The cyanobacterial toxin BMAA and Lou Gehrig’s Disease (ALS)

16 August 2013

Droplets has previously posted articles on the possible role of the algal toxin, BMAA, as a cause of the frightening and fatal Lou Gehrig’s Disease – also known as Amyotrophic Lateral Sclerosis (ALS), a degenerative motor neuron disease.  I frequently get asked for updates on this issue.  Well, here’s one.

Just a few days ago, a very informative review of current research and thinking emerged from an Italian research group at the  Second University of Naples, with their paper being made available on the internet (link).  I have placed the abstract of their work below for those who may not wish to download the whole paper – published in the International Journal of Molecular Sciences (Trojsi, F.; Monsurrò, M.R.; Tedeschi, G. Exposure to Environmental Toxicants and Pathogenesis of Amyotrophic Lateral Sclerosis: State of the Art and Research Perspectives. Int. J. Mol. Sci. 201314, 15286-15311.):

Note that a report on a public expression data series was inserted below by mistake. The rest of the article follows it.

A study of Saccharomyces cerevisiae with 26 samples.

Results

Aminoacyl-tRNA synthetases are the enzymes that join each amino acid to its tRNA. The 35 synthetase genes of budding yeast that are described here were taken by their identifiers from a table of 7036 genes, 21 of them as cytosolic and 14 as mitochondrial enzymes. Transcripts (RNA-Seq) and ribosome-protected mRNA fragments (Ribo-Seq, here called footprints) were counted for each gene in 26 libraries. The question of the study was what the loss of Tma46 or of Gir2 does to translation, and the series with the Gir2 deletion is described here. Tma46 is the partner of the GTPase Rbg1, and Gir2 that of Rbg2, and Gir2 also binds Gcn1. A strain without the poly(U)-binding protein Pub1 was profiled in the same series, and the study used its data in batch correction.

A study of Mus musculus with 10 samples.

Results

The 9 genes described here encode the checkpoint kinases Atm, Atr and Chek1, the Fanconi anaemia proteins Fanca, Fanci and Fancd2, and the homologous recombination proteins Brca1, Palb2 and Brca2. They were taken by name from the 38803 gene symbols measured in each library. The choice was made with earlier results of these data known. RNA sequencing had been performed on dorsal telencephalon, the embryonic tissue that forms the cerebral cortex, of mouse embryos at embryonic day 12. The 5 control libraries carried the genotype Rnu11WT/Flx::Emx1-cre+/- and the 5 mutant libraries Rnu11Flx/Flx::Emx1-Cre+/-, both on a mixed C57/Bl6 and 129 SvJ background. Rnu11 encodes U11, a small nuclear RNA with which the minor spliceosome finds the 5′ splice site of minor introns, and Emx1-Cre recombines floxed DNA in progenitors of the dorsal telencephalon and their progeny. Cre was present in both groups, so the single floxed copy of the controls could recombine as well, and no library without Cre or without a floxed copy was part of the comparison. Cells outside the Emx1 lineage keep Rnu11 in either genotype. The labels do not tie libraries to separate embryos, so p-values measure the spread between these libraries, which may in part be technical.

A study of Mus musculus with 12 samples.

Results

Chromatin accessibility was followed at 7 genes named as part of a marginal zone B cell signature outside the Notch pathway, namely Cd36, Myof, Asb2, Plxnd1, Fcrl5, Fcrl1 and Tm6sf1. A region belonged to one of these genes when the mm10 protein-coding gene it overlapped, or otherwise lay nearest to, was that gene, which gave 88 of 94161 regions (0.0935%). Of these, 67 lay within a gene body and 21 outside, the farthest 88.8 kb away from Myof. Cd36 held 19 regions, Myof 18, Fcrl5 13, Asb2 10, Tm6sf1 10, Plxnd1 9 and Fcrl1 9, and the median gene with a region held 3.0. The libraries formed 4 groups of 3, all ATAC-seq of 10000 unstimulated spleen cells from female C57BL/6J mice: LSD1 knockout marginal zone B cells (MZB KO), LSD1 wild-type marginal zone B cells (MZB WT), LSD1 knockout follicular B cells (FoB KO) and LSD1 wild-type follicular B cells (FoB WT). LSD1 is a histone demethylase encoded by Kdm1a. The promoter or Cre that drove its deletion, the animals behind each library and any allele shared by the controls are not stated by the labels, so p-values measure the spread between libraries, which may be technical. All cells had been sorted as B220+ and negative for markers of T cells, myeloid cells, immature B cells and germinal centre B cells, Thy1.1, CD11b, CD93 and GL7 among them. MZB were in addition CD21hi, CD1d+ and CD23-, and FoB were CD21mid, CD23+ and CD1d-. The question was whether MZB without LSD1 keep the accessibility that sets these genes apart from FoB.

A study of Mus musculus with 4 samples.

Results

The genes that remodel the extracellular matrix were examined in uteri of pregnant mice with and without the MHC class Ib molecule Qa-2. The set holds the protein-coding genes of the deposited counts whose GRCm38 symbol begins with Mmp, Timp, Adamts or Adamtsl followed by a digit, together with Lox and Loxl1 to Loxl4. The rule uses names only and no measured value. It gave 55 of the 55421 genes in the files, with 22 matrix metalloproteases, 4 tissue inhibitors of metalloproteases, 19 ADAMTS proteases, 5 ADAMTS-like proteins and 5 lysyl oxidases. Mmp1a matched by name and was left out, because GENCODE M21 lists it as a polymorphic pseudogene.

Abstract: There is a broad scientific consensus that amyotrophic lateral sclerosis (ALS), a fatal neuromuscular disease, is caused by gene-environment interactions. In fact, given that only about 10% of all ALS diagnosis has a genetic basis, gene-environmental interaction may give account for the remaining percentage of cases. However, relatively little attention has been paid to environmental and lifestyle factors that may trigger the cascade of motor neuron degeneration leading to ALS, although exposure to chemicals—including lead and pesticides—agricultural environments, smoking, intense physical activity, trauma and electromagnetic fields have been associated with an increased risk of ALS. This review provides an overview of our current knowledge of potential toxic etiologies of ALS with emphasis on the role of cyanobacteria, heavy metals and pesticides as potential risk factors for developing ALS. We will summarize the most recent evidence from epidemiological studies and experimental findings from animal and cellular models, revealing that potential causal links between environmental toxicants and ALS pathogenesis have not been fully ascertained, thus justifying the need for further research.